L E T T E R S    T O    T H E    E D I T O R

Give severe punishment to erring officials

It is appalling to know that even after so many years, owners of firecracker factories flout laws with impunity (editorial, Playing with lives: How do inspectors overlook violations, August 26). They employ children in violation of laws and do not care for adhering to the safety norms. Inspectors probably make the situation worse by allowing these factories to operate.

They are adequately “compensated” so that they allow these illegal factories to thrive endangering several lives. It is, indeed shameful that those who are entrusted with the job of ensuring that laws are not broken, they themselves allow these laws to be broken. The government should give exemplary punishment to these officials for dereliction of duty. The owners of these factories should also be given severe punishment.



This refers to the editorial, “Playing with lives: How do inspectors overlook violations” (August 26). The failure of factory inspectors to perform their legal duty resulting in an explosion in the firecracker factory near Karnal is an act of negligence.

We all know that the inspectors do not conduct regular inspections to assess the safety and security mechanism of the factories producing dangerous articles, and instead indulge in acts of corruption misusing their authority. It is surprising that usually the guilty inspectors go unpunished.

The explosion killing five persons and injuring 15 others is a heinous crime and the guilty should be severely punished. The government should also be more vigilant in this regard.

RM RAMAUL, Paonta Sahib

Battling corruption

The editorial, End of a limited battle: But the war on corruption must rage on (August 29) has rightly observed that after the end of Anna’s fast, “it is time for introspection among all actors in the drama — the government, the Opposition and Team Anna.” Anna has aptly termed the outcome of the battle as “half victory”.

Nobody can dispute the further course of action announced by Anna to fight for electoral reforms. Still it will be a folly if the campaign against corruption gets diluted while focusing on a few issues. So, it is imperative for Team Anna “to keep a close watch on the Standing Committee’s recommendations on the Lokpal issue, on the ultimate bill that is adopted by Parliament and on the way the enacted reforms are implemented”. 



In your editorial, End of a limited battle (August 29), you have very rightly opined that it is time for introspection among all actors in the drama — the government, the Opposition and Team Anna. Though there is no doubt that Team Anna has won the first round, the battle is far from over. It is pertinent to note that all the parties, which enacted this drama, have their share of blemishes. First, the government mishandled Anna’s movement from day one. He should never have been arrested.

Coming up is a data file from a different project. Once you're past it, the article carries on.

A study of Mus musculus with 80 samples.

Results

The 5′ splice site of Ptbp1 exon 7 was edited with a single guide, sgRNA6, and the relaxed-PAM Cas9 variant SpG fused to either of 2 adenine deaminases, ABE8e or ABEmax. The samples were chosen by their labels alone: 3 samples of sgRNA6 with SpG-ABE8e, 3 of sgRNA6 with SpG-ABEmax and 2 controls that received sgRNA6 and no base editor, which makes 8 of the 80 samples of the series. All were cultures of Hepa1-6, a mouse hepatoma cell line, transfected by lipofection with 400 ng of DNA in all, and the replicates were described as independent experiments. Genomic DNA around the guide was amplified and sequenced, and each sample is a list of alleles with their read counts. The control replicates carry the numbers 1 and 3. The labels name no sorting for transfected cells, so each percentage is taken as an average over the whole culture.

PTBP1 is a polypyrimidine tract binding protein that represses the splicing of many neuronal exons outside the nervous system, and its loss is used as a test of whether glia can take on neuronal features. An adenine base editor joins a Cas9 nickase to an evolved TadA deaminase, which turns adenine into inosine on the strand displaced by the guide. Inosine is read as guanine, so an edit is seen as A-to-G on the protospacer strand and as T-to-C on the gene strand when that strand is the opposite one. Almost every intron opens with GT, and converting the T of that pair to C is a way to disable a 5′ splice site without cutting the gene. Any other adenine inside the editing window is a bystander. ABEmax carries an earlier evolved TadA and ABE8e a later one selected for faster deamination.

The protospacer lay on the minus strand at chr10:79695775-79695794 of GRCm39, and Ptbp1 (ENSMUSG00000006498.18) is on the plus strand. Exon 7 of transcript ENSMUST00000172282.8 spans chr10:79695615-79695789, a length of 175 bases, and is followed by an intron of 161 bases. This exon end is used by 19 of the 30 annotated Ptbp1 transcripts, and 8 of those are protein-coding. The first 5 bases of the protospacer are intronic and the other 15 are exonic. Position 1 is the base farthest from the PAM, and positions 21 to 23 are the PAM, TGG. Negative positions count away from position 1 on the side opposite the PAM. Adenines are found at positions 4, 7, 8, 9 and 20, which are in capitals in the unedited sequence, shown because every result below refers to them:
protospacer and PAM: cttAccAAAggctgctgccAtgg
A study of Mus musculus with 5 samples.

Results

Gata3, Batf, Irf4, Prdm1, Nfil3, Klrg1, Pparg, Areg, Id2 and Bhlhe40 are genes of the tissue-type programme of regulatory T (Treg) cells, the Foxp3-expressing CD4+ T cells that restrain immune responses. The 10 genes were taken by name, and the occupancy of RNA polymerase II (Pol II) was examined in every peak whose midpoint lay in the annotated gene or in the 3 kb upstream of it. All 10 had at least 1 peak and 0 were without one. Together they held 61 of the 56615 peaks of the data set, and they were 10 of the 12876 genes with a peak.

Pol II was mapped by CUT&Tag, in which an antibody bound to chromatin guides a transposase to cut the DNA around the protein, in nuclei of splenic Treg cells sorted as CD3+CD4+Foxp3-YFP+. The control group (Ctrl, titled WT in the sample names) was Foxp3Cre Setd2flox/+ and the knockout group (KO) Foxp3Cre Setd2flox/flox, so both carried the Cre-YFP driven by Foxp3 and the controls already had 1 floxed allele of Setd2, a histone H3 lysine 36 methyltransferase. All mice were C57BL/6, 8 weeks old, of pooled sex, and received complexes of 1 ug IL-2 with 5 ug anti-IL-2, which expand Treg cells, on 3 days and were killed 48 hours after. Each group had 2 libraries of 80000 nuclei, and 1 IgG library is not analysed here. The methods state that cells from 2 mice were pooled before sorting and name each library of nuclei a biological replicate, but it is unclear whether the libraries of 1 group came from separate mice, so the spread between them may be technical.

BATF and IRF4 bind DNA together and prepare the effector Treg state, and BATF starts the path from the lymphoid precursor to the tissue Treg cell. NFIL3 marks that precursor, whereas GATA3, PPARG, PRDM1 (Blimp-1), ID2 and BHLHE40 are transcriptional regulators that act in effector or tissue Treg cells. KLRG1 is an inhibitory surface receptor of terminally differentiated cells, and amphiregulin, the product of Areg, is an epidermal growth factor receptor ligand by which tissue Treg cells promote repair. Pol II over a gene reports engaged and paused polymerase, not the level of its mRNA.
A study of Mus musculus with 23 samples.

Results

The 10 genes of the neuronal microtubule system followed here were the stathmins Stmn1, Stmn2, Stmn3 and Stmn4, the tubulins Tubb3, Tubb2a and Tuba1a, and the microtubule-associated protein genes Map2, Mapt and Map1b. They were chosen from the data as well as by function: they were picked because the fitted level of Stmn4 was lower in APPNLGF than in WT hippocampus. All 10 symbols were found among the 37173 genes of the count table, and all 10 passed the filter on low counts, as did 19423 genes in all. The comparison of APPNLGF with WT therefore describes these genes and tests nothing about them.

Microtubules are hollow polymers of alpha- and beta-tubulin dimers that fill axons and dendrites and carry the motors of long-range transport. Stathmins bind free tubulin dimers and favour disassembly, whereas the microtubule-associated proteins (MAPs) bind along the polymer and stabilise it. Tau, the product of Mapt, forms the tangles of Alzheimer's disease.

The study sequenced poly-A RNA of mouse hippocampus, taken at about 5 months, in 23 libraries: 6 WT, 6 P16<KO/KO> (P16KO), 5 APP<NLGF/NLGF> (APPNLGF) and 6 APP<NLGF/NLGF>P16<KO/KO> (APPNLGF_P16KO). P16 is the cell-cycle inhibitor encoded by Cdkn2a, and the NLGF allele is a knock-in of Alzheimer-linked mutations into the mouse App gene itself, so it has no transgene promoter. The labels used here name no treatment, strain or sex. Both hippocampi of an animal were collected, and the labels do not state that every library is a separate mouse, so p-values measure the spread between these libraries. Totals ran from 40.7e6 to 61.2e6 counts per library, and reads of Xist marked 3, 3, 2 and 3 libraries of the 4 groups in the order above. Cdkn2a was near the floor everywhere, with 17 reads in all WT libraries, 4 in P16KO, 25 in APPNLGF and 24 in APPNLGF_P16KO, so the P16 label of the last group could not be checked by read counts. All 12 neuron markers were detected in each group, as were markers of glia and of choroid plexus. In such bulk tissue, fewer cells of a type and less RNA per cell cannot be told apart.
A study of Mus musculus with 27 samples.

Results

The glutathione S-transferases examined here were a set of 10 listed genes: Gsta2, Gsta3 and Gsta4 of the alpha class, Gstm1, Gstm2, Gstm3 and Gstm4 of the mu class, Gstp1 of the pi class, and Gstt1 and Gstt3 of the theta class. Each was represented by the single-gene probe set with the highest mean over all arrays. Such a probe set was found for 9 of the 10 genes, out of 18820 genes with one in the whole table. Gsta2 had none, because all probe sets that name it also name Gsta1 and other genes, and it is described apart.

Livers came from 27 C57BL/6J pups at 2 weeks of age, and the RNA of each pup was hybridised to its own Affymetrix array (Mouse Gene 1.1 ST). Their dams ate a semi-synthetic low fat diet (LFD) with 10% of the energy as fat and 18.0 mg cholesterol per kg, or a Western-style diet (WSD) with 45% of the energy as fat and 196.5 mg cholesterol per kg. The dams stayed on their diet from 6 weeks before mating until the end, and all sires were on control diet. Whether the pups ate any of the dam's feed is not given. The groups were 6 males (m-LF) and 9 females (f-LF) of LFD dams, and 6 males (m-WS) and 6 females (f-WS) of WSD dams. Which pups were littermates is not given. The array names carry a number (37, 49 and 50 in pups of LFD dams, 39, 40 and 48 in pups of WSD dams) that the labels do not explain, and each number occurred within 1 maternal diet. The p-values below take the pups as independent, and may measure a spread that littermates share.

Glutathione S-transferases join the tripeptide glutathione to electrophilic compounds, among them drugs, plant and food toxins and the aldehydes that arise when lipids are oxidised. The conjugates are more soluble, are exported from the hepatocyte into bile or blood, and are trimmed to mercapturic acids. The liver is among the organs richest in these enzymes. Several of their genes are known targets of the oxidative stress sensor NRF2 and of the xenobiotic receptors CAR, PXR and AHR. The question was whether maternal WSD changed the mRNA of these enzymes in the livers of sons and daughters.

The Opposition also flip-flopped. Team Anna almost blackmailed the government to pass the resolution supporting civil society’s Jan Lokpal Bill.


Babehali (Gurdaspur)                                        

Enlightened students

The article, Make students good citizens (August 23), has rightly stressed the need for students to become good citizens. In this regard, parents and teachers can play an important role. But instead of inducing the basic qualities of good citizenship, all are in the race for better facilities and status of schools. Thus, they lose themselves in a world of materialism and false ego.

The cultural aspect is more important than a mere literary one, which shows the real status of any institution. How do students behave in school? What is their reaction when they see a manhole uncovered? These aspects, and a host of others, will reflect good or bad citizenship. For the nourishment of these moral values, our institutions and the education system serve as nurseries.

AS ANAND, Ludhiana


This refers to the article, Make students good citizens (August 23). Corruption is now rampant in India. Social activists like Anna Hazare have started a movement to cleanse the system. We have to remove the evil of corruption from this country. We have to cure the disease of corruption. But prevention is better than cure. Mahatma Gandhi also says, “Kill the sin, not the sinner.” So, our mind should be made pious so that it did not get tempted by the lust of power and money.

Education can contribute a lot in changing our mindset. Students should be taught ethics. They should be encouraged to imbibe moral values.

Citizenship is not merely a political term. It also has social, economic and religious connotations. A good citizen is honest, responsible, tolerant and compassionate. To root out corruption, we need individuals who have a strong character. Teachers are in a position to build the character of their students. Their personality leaves an imprint on the young minds. So, effective teaching can go a long way in paving the way for good citizens.

SHIRPA NAGRATH, teacher, Ambala

Declining quality

Though teaching is a pious profession, many teachers work in a slipshod manner (Teacher, teach thyself, August 23). Gone are the days when teachers were religiously devoted to their job. The education system has now degenerated terribly. Government schools do not provide quality education. Large-scale absenteeism among teachers and their indifferent performance vitiate the academic atmosphere. Quite a large number of teachers may not be proficient even in their teaching subjects. Many unscrupulous teachers, instead of inspiring the students to pursue their studies with interest and devotion, encourage them to use unfair means in examinations.

Do they deserve to be called nation builders? It is high time the authorities concerned exercised effective supervision and gingered up the perfunctory teachers to pull their weight and show better results.